Obama's Chief Economist Shreds Biden's 'Reckless' Student Debt Cancellation: 'Everyone Else Will Pay for This'


The Harvard professor who headed the Council of Economic Advisers during the Obama administration torched President Joe Biden’s student loan debt cancellation on Wednesday, calling it “reckless.”

“Everyone else will pay for this either in the form of higher inflation or in higher taxes or lower benefits in the future,” Jason Furman tweeted as part of a long thread on the subject.

Biden announced Wednesday that Pell Grant recipients with loans held by the Department of Education are eligible for $20,000 in student loan debt cancellation, while non-Pell recipients could get $10,000 of their debt canceled.

Anyone with an income of less than $125,000 a year is eligible.

Biden further said that the pause on repayment has been extended through Dec. 31.


“Pouring roughly half trillion dollars of gasoline on the inflationary fire that is already burning is reckless. Doing it while going well beyond one campaign promise ($10K of student loan relief) and breaking another (all proposals paid for) is even worse,” he wrote.

“The White House fact sheet has sympathetic examples about a construction worker making $38K and a married nurse making $77,000 a year. But then why design a policy that would provide up to $40,000 to a married couple making $249,000? Why include law and business school students?”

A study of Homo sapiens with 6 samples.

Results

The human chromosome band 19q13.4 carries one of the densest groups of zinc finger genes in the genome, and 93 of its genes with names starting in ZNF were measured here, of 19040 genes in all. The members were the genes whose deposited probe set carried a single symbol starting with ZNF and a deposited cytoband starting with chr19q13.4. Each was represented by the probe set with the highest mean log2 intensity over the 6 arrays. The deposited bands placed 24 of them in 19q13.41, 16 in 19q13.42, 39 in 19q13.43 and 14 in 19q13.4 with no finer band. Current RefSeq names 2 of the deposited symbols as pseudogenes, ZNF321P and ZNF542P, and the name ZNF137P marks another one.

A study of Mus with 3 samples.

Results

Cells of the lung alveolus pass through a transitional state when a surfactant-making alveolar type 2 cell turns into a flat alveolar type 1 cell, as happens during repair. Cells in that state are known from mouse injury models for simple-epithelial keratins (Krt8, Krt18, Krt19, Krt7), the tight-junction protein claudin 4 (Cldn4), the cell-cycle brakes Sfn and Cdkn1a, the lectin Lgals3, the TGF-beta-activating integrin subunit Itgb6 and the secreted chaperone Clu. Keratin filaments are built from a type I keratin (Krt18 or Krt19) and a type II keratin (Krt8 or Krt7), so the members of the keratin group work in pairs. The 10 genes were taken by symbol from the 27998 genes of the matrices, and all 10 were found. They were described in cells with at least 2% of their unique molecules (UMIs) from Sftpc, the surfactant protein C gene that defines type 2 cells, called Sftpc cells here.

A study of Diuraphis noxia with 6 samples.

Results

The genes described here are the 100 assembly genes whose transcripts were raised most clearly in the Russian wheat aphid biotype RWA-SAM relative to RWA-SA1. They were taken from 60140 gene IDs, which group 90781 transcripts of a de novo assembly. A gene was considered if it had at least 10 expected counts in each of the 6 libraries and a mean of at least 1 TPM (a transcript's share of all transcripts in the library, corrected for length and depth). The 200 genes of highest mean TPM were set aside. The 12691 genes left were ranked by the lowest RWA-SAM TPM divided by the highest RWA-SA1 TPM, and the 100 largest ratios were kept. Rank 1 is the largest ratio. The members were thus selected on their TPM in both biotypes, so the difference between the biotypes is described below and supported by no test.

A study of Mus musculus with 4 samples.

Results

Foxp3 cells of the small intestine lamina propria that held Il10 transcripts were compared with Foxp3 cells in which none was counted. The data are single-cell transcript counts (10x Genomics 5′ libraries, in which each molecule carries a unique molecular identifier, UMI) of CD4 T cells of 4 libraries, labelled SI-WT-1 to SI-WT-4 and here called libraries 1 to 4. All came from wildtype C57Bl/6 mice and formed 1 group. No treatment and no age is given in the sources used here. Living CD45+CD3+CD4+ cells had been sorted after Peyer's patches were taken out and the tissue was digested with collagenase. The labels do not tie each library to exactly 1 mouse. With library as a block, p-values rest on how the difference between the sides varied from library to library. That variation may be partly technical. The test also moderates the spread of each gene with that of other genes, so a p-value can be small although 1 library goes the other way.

“Those examples also contradict the baseline some have concocted to claim that this won’t raise inflation. The claim it won’t raise inflation is based on the construction worker going from permanently paying $0 interest to paying $31 a month at an annual cost of $372,” Furman continued.

Furman said the White House is defying rationality in touting the plan.

“You can’t use one baseline (interest payments suspended) to argue this will constrain demand & then a different baseline (interest payments restored) to describe the benefits. That is incoherent, inconsistent & indefensible cherry picking–I hope the White House doesn’t do it,” he wrote.


Furman also said it wasn’t clear to him that the president has the power to unilaterally forgive student loan debt.

“Even if technically legal I don’t like this amount of unilateral Presidential power,” he wrote.

Even before the plan was announced, former Treasury Secretary Lawrence Summers had opposed the idea on Twitter.

“Every dollar spent on student loan relief is a dollar that could have gone to support those who don’t get the opportunity to go to college,” he wrote on Monday.

“Student loan debt relief is spending that raises demand and increases inflation. It consumes resources that could be better used helping those who did not, for whatever reason, have the chance to attend college. It will also tend to be inflationary by raising tuitions.”

This article appeared originally on The Western Journal.